For more info on the Cleu click here.
I was recently fortunate enough to take my mother’s writing class on a cruise through the Mediterranean. I think one of the concepts she talked about could be helpful if more humans knew about it. This is my synopsis of her view of the three stages of the creative cycle:
Some people go through the whole cycle in a month. Some take a year or more. While some people go through all three stages in a single day, but that’s rare. What many of us don’t realize is that Brahma ONLY comes out of Shiva. We work and work, waiting for the next bout of inspiration to come, not realizing that it is only out of the destruction, chaos and nearly vegetative nothingness of Shiva that we can once again reach Brahma. Conversely some of us wallow in Shiva, fearing that we will never again do anything of worth. That we are tapped out, void of inspiration and a virtual waste of space on the planet.
No matter how dark things might seem in life it’s important to remember that light will follow. When things seem terrible, empty and meaningless sometimes the only thing to do is hold fast and wait for the light.
It is pretty interesting once you are aware of this cycle you can almost feel the shift back into Brahma. A whirlwind of projects and activities fall into your lap and you find yourself trying to do five things at once when just yesterday you could barely be bothered to get out of bed. It is exhilarating, especially when you have the money to finally buy some paint.
I took these ideas from my infinitely wise and intelligent mother, Cynthia Whitcomb. For more info on her check out her site: CynthiaWhitcomb.com
It’s our Woodstock. It’s our Haight and Ashbury. It’s the place the Merry Pranksters would have created had things not gotten quite so out of hand. Or maybe that’s inaccurate. Maybe it truly is something else entirely.
I know for sure it is a place of exploration. It is a supreme return to the instinctual id while keeping some version of your ego and identity. Where you do everything exactly right. And when you do manage to fuck up, you couldn’t hope to find a more perfect time and place to do it. We remember how to play, and laugh, and eat candy, and stay up late. How to figure things out and entirely exit your comfort zone. To get weird and talk nonsense and be completely understood. To walk all night, inhaling dust and dancing holes into the ground.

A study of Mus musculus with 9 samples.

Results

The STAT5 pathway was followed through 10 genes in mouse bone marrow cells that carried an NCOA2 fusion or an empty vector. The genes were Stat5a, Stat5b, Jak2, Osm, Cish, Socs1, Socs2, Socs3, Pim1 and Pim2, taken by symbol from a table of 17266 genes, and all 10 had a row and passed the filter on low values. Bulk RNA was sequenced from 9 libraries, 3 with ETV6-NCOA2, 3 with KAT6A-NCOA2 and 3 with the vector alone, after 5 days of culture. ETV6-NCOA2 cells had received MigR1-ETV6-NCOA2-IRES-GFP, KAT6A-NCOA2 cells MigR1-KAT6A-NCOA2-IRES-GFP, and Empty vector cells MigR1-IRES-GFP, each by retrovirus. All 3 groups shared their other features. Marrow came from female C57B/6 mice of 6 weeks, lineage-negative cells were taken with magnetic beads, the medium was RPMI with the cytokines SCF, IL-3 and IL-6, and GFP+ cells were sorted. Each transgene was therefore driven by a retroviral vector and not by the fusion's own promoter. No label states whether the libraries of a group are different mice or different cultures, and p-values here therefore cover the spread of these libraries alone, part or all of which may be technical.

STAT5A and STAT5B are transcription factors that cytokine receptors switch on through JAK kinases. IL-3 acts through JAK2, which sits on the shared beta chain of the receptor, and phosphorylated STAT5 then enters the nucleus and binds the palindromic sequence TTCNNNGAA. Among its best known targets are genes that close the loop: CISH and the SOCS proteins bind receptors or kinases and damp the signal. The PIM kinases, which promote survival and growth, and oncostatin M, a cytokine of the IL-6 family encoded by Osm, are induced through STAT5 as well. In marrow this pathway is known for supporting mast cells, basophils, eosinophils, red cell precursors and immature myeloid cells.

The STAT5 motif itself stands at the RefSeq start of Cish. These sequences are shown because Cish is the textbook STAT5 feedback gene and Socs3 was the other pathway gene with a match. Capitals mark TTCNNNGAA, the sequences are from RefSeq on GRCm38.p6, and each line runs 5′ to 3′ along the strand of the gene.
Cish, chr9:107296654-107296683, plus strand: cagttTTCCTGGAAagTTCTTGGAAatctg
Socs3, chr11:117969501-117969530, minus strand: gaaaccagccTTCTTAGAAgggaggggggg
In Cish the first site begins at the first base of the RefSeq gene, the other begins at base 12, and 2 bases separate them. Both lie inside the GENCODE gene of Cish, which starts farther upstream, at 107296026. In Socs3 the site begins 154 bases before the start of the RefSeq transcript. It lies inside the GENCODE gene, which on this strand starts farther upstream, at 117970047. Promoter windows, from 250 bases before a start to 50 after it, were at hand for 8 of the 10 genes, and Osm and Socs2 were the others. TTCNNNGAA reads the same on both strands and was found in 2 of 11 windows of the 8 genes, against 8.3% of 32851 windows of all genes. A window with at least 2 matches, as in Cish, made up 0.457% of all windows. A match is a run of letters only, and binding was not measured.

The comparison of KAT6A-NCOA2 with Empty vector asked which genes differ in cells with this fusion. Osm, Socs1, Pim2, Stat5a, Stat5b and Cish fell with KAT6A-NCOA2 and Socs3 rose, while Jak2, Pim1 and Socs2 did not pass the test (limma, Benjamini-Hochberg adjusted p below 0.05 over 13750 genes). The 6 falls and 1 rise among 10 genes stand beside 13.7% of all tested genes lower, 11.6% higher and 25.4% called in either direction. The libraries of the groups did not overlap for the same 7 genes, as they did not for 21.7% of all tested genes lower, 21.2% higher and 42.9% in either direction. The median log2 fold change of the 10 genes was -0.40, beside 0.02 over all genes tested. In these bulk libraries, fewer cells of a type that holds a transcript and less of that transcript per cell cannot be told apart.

When your body wears out and you weep from the extreme emotions of sleep deprivation you begin to feel the powerful weight of this place. A steep and unwieldy emotional roller-coaster that assists you in shaking off the comfortable persona that you’ve spent years creating for yourself: I am this, I do this, I feel this, I react to this. Once you realize this is a place you can be/do/feel anything, the possibilities you begin to create for yourself and your life are amazing.
We burn a man down on Saturday. I see it as a last hurrah. The entire week is building up to this moment. The population is at its peak. The art is all finally finished and functioning. The parties are the loudest, longest and insanely unmatchable. You get to a point where who you used to believe you were sort of vanishes in the madness and you’re left with whatever version of awesome you have the nerve to continue being.
Then Sunday we burn the temple. All week long people write on the temple. Messages to people they have lost or things that they want to let go of. (I think sunrise after losing your mind all night is the best time to do this because you are most tuned in and in the most raw emotional form possible for honestly expressing yourself.) When we burn the temple the party is over; it is a silent moment of introspection and enormous flames. Somehow with the falling of those last logs you are released. Cleansed of that year’s collection of baggage and bullshit and suffering. Reborn, renewed, reawakened to the beauty of this life and the right way to treat each other and the endless possibility for love and harmony and being whoever the hell you want for the rest of your life.
If done just right, what I’m telling you is that Burning Man is an excellent opportunity for accelerated personal evolution… if you’re into that kind of thing. As a wise friend of mine once said, “It’s only a bad trip if you come back the same person.”